Kansas Snapshots by Gloria Freeland - Aug. 5, 2011
The dust hasn't settled yet
Whether it's just an individual or an entire family moving, the process is a stressful undertaking, even if it is the result of a happy event - or events. Locating a new place, deciding what to keep and what to leave behind, and understanding that some pleasant things are ending are emotionally taxing.
So for us, this summer has been downright disconcerting as we've had not just one, but six moves all happening at the same time!
In June, oldest daughter Mariya and partner Lacey decided to vacate the apartment in the house husband Art and I own in Manhattan. Mariya's lived there since she graduated from high school seven years ago. Actually, it wasn't so much that Mariya and Lacey decided to move as that it's always been understood that youngest daughter Katie would move in when she was ready to start college. That time has now arrived.
It took Mariya weeks longer to transfer items from one apartment to the other than she expected. But I wasn't surprised. She's always been able to store an inordinate amount of "stuff" in a small space. So day after day when I'd text or call and ask her what she was doing, her brief reply was, "moving."
Since Lacey was at work most days and Mariya's job won't begin until fall, most of the moving chores fell to her. As the weeks wore on, we could see she was getting more and more tired.
But eventually everything was out of the apartment. After assembling a new TV stand and hanging artwork on the walls of their new home, she proclaimed that they were now settled. She even had us over to their place for dinner one night, which is unusual since she doesn't cook that often.
But Mariya and Lacey's exodus from the apartment was just the starting point for Katie. First, she had to clean the counters, cabinets, carpets and so on. Then she moved almost everything - bed, bookcase, dresser, bedding, clothes - out of her room at home.
She said it all felt a little weird.
"I tried not to think about the fact that I was moving," she said. "I tried to focus on the physical, not the emotional."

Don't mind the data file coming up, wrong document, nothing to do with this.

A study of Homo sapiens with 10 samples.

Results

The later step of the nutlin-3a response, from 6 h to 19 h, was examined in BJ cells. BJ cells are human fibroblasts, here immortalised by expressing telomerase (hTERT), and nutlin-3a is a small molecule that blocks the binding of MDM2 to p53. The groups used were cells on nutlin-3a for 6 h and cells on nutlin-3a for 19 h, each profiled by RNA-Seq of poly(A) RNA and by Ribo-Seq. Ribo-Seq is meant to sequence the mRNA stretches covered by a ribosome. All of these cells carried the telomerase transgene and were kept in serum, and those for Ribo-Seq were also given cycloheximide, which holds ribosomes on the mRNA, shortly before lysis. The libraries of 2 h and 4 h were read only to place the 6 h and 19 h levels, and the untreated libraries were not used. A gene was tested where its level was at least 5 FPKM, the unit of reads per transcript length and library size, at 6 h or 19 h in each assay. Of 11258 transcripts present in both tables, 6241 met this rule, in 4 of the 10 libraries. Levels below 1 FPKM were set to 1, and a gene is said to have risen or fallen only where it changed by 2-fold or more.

But it's been emotional for me! Katie says I make "my sad face" whenever I go by her now-empty room. Although I feel lucky that she'll remain close by, it won't be the same. No more rumpled bed covers. No more piles of clothes and school papers on every available surface - including the floor. No more cosmetics lined up on bathroom shelves. No more impromptu song-and-dance numbers down the hall.
If I had been able to do more, these changes might have been easier for me. But the disk I herniated in my back last March pretty much dictated that I stand on the sidelines and offer little more than encouragement.
Of course, I have been useful in terms of purchasing power. I plan on buying a "housewarming" gift for Mariya and Lacey, and I've helped stock Katie's apartment with cleaning supplies, kitchen utensils and other items. And I'm sure we'll shop again soon for other necessities.
But my situation seems pretty easy compared to what siblings Dave and Gaila are going through. The dust won't be settling in their households for some time yet.
Dave and wife Linda's youngest son, his wife and two young boys recently moved from the Dallas-Fort Worth area back to Kansas. Until Michael and Kristina find jobs and a permanent place to stay, they are living in Dave and Linda's basement.
But I think Gaila and husband Humberto's family wins the prize for the most upheaval. Oldest daughter Gabriela graduated from college in May and last month accepted a job in New York City. While looking for an apartment, she texted:
"Apt. hunting is hard! Especially in ny!!!!! So kinda stressed!"
But now she has a place to call home and she's in the process of furnishing it.
Younger sister Larisa graduated from high school in May and will soon fly to New York to visit Gabriela. Then she will move to Macon, Georgia in mid-August to attend college, including settling in with a roommate she has never met.
But as if that weren't enough, Gaila and Humberto are themselves moving out of their home of 16 years in La Paz, Bolivia. After spending nearly six weeks in Kansas, Gaila returned to La Paz Monday, started work Tuesday and that evening began packing household items for their move to a condo.
So I have nothing to complain about. The dust hasn't completely settled on our girls' two moves yet, but I'm pretty certain if I had to move at the same time as my kids or suddenly had a basement of kids and grandkids, I'd soon be a blithering, blubbering mess!
Left: Lacey and Mariya moving bedsprings to their new apartment; right: Katie
waiting for customers at her garage sale to raise money for apartment furnishings.